The boom in renting and the decline in home ownership are remarkable developments in Ireland, writes Professor Tony Fahey.

Tony Fahey

THE PUBLICATION OF the Daft rental price report today highlights how rent prices in Ireland remain out of control with rent pressure zones clearly not working. But how has this come about? As part of Social Justice Ireland’s book From Here to Where?, published tomorrow as part of their annual policy conference, we look at contextualising these problems so that a new Programme for Government can be developed to address them.

A boom in private rented housing and a corresponding decline in home ownership are remarkable developments currently underway in Ireland. The share of households living in private rented accommodation has doubled in size in the last twenty years from under 10% in the early 1990s to nearly 20% today. In another 20 years this is projected to double again to 40%.

This is an important development for two reasons. One is that it is likely to be bad for many people, particularly the generation of younger adults. Householders aged 25-34 had a high level of home ownership for their age in 1991 (69%), but today that proportion has fallen to just 30%. In the next older age age-group, those aged 35-44, home ownership has fallen from 82% in 1991 to 62% today. If this growth in private rentals continues in its current form, it is likely to cause many young adults to be worse off than their parents as far as housing is concerned.

How renting and owning has changed 

Most of the growing population of young private renters today grew up in homes that were owned by their parents and had two essential features of secure long-term housing: it was affordable, and families could stay in it as long as they liked. Today’s private rented housing has neither of these features. Under current legislation, private renters have a right to stay in their homes for six years but there are numerous exemptions which weaken that right. They thus face a constant threat of being asked to leave by the landlord over and above the risk they face of being pressured out by rent increases.

As for affordability, the share of weekly household spending that is consumed by rent has been steadily rising. In 1987, 13% of household expenditure was spent on rent. By 2015 this had reached 27%. To combat these increases the government has sought merely to slow the rate of rent increases in certain urban rent pressure zones to a maximum of 4% per year. That upper limit if effectively implemented would still allow a doubling of rent over 21 years.

However, exemptions have permitted rent increases in the targeted urban areas to far exceed 4% per year, as seen in Dublin where rents were 10.9% higher over the third-quarter of 2018 than the same period in 2017.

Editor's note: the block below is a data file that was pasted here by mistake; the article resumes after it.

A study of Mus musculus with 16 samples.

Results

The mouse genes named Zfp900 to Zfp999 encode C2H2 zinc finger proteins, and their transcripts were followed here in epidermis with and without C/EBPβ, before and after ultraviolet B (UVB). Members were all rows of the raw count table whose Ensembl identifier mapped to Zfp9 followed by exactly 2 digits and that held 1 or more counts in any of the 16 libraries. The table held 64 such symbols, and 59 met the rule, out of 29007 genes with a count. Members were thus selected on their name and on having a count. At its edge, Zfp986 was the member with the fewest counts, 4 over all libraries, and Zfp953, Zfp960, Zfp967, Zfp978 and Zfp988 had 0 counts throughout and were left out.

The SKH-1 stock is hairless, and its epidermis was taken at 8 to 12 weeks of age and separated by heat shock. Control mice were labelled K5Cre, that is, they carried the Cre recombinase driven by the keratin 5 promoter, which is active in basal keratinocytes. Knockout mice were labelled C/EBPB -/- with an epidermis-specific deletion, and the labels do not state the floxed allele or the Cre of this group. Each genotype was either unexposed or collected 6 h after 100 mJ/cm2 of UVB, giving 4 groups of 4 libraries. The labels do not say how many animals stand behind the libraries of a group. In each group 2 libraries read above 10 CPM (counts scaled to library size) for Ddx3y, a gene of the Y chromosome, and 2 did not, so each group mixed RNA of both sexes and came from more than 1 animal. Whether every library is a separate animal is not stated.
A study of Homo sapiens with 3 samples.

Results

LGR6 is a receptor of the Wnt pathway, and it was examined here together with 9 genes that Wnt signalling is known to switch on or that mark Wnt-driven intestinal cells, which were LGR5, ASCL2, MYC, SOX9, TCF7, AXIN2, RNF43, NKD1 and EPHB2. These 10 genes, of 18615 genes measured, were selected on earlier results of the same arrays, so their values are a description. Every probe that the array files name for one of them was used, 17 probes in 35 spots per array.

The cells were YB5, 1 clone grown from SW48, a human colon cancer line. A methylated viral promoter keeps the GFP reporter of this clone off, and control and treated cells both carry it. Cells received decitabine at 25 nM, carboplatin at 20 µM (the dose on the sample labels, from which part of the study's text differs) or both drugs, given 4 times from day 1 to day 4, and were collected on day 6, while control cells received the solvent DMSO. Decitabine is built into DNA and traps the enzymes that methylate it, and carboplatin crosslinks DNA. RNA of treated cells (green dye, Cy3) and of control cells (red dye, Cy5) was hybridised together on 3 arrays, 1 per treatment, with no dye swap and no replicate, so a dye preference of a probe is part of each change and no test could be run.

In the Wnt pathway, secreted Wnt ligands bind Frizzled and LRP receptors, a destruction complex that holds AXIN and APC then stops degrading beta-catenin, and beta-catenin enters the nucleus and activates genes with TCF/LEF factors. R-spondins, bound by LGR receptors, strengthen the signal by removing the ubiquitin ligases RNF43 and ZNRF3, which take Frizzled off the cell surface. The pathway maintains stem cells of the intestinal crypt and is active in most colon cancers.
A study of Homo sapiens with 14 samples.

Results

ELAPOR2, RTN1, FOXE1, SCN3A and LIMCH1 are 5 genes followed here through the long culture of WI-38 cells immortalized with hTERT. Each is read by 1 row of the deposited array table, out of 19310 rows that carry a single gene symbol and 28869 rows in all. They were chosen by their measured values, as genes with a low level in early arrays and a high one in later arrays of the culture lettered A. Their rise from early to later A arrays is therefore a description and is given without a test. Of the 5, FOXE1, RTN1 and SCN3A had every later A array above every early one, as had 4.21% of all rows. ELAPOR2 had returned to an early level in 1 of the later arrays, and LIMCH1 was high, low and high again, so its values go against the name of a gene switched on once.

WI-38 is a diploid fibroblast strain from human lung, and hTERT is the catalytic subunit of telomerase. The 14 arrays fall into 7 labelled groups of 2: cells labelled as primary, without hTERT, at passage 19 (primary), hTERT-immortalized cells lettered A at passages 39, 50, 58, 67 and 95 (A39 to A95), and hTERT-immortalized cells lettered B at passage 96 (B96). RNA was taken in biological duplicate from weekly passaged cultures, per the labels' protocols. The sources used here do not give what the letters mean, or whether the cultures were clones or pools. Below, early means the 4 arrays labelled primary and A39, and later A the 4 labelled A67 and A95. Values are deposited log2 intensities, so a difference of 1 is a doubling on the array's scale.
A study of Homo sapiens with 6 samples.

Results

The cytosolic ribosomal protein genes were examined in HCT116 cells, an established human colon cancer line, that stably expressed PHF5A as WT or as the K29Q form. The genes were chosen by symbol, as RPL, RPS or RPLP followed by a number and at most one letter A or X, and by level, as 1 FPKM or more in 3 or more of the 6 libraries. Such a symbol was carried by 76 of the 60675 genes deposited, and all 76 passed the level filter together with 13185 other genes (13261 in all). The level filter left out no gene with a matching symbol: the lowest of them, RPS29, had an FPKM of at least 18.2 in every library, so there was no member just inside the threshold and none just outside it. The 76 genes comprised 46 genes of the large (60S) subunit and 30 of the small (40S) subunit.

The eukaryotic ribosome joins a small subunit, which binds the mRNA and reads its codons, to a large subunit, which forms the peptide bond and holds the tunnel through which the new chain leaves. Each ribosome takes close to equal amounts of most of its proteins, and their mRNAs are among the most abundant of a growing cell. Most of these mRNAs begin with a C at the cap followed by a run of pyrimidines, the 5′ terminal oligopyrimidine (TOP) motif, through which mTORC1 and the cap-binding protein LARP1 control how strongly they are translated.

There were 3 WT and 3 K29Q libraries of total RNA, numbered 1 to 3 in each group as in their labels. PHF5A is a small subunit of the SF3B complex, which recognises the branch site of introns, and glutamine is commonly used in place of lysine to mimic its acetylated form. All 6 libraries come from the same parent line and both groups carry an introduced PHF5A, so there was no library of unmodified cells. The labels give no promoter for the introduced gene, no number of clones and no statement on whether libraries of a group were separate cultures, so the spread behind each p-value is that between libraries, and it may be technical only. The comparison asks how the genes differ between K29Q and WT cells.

The second reason for drawing attention to the growth of private renting is that it raises questions about fundamental aspects of the state’s evolving response to social inequality. Social policy in Ireland has historically relied to an exceptional degree on the distribution of wealth to relieve market pressures and enable households to shape their own destiny.

The inequality of renting 

In the 20th century the State instituted supports for owner occupation of housing that, as land reform had done, distributed wealth downwards by enabling lower income households to buy their homes. The two key policy instruments in that regard were tenant purchase of local authority housing and the provision of local authority mortgages to low income households. By the year 2000 even low-income households owned substantial housing wealth and were less disadvantaged by inequalities in housing wealth than they were by inequalities in income.

There is also an emerging inequality between the cost of renting and a mortgage. Some excess of private rents over mortgage payments has been present since the 1970s but this excess widened sharply after 1987 and created a new axis of disadvantage in the housing system, one based on age as well as the usual axes of social difference. By the early 2000s, private rents on average accounted for twice as large a share of household expenditure as mortgage payments and gave rise to housing affordability problems among private sector tenants. 

As economic recovery has taken off, the housing market has responded sluggishly to an upsurge in population. An acute housing shortage has ensued; however the stresses found in the private rented sector have their origins not in the recent economic recovery nor even in the economic crash which preceded it. Rather they reflect developments which have been underway for over twenty years. Namely a marketisation of housing amounting not just to a downgrading of the role of social housing in the traditional sense but also a downgrading of owner occupation of housing as a policy option.

Professor Tony Fahey is a professor of social policy in UCD. His chapter on the rental crisis is contained in Social Justice Ireland’s book ‘From Here to Where?’